Measuring a tiny quasiparticle is a major step forward for semiconductor technology
A team of researchers led by Sufei Shi, an assistant professor of chemical and biological engineering at Rensselaer Polytechnic Institute, has uncovered new information about the mass of individual components that make up a promising quasiparticle, known as an exciton, that could play a critical role in future applications for quantum computing, improved memory storage, and more efficient energy conversion.
Published today in Nature Communications, the team's work brings researchers one step closer to advancing the development of semiconductor devices by deepening their understanding of an atomically thin class of materials known as transitional metal dichalcogenides (TMDCs), which have been eyed for their electronic and optical properties. Researchers still have a lot to learn about the exciton before TMDCs can successfully be used in technological devices.
Shi and his team have become leaders in that pursuit, developing and studying TMDCs, and the exciton in particular. Excitons are typically generated by energy from light and form when a negatively charged electron bonds with a positively charged hole particle.
The Rensselaer team found that within this atomically thin semiconductor material, the interaction between electrons and holes can be so strong that the two particles within an exciton can bond with a third electron or hole particle to form a trion.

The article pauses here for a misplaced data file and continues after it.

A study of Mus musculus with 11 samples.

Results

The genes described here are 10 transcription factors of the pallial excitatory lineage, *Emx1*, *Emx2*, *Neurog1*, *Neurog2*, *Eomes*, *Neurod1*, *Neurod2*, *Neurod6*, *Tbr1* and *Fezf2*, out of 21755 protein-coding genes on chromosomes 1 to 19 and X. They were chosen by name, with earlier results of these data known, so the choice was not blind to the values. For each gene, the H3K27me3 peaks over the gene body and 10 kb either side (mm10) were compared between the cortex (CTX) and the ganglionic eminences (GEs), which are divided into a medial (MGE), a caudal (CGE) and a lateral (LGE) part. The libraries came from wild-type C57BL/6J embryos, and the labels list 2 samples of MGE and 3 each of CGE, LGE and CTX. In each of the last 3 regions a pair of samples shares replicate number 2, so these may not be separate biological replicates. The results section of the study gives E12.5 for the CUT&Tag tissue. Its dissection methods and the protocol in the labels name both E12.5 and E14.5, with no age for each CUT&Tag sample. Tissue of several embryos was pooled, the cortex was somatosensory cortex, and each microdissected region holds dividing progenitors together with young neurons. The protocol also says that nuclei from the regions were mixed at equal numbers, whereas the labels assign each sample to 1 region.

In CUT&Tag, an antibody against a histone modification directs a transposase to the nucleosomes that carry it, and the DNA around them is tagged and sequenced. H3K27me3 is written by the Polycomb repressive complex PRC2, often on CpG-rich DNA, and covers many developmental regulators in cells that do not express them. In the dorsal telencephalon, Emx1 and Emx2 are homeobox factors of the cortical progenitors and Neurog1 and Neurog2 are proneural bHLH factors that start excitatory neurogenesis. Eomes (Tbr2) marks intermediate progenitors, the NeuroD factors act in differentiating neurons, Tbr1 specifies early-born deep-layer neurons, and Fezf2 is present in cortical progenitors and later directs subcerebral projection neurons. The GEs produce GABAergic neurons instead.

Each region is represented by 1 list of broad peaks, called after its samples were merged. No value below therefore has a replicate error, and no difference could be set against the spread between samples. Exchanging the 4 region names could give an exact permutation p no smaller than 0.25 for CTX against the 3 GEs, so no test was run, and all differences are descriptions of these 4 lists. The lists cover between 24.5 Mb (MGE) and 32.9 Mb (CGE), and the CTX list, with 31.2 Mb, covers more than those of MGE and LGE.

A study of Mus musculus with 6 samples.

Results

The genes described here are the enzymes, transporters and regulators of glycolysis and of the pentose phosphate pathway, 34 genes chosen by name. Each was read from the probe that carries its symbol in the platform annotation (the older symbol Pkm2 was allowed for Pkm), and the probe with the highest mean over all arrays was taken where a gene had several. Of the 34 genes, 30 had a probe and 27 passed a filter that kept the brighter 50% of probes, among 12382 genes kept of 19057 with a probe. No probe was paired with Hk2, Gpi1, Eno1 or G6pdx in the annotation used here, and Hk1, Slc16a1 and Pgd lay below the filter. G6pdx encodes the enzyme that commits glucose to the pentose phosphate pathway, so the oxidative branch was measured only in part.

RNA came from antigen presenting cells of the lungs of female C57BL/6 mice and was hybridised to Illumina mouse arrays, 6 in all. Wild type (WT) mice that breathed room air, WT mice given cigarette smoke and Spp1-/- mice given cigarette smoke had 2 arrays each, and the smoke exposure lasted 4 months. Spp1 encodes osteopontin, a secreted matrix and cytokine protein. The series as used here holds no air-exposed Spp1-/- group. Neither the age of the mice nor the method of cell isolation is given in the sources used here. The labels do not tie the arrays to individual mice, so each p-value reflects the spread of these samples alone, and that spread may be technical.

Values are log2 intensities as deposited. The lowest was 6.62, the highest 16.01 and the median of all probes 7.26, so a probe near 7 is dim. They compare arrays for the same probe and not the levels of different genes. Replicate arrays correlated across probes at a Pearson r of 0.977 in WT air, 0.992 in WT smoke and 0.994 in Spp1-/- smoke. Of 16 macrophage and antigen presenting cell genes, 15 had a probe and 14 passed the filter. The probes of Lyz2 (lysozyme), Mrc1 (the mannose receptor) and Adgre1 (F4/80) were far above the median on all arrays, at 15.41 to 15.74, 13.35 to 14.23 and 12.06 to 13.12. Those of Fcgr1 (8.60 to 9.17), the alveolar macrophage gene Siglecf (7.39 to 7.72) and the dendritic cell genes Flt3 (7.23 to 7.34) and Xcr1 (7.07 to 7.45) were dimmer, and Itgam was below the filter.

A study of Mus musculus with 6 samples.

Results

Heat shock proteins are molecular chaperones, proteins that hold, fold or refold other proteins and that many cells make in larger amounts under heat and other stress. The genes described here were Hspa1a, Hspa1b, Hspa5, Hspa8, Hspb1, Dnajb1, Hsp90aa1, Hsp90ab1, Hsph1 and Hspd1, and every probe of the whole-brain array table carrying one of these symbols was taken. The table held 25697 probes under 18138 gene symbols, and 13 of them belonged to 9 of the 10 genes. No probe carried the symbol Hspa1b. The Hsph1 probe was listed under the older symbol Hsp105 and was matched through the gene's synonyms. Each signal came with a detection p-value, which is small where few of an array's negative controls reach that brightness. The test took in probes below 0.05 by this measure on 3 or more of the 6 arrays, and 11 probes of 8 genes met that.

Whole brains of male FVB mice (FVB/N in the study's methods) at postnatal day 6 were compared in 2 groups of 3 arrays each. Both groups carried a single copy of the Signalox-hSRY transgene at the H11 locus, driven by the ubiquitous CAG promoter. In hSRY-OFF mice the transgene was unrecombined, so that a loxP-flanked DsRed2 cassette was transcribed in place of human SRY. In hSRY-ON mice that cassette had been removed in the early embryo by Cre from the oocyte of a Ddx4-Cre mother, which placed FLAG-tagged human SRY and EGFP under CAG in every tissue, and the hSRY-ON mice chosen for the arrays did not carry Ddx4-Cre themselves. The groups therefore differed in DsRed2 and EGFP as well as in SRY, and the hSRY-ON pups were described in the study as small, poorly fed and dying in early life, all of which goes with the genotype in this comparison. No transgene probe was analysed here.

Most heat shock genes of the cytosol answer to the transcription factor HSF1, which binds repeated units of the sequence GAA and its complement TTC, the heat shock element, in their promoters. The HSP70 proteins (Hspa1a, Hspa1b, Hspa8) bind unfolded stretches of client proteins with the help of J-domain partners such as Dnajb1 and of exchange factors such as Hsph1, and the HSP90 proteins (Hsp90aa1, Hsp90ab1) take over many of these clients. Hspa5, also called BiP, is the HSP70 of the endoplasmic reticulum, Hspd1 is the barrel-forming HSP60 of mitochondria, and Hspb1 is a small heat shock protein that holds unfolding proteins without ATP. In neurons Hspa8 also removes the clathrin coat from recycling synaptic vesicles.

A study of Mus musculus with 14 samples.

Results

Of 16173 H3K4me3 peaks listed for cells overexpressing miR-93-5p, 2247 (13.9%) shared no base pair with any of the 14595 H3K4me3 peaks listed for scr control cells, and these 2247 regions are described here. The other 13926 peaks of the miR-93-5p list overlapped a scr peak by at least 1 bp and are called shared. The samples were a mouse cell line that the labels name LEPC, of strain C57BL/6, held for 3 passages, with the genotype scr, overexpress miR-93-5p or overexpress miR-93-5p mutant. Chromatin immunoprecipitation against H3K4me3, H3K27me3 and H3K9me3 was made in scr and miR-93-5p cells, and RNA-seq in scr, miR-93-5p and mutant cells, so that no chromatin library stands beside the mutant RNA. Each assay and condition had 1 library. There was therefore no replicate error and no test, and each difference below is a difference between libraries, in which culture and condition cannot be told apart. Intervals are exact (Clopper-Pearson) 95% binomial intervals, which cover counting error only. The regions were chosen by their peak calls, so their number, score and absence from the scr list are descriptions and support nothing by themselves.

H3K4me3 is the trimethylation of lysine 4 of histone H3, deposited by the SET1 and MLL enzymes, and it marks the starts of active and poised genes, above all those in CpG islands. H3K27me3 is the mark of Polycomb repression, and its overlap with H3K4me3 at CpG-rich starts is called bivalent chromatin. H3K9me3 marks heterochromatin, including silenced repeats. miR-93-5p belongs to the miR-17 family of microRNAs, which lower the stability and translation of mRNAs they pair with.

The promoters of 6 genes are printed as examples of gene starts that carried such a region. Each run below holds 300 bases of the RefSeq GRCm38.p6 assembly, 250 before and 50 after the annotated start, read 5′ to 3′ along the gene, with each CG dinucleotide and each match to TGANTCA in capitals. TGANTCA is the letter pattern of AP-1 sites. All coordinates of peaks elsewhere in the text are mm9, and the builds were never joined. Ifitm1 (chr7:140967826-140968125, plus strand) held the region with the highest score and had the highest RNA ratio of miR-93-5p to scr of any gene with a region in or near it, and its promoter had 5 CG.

In this new study, Shi's team was able to manipulate the TMDCs material so the crystalline lattice within would vibrate, creating another type of quasiparticle known as a phonon, which will strongly interact with a trion. The researchers then placed the material within a high magnetic field, analyzed the light emitted from the TMDCs from the phonon interaction, and were able to determine the effective mass of the electron and hole individually.
Researchers previously assumed there would be symmetry in mass, but, Shi said, the Rensselaer team found these measurements were significantly different.
"We have developed a lot of knowledge about TMDCs now," Shi said. "But in order to design an electronic or optoelectronic device, it is essential to know the effective mass of the electrons and holes. This work is one solid step toward that goal."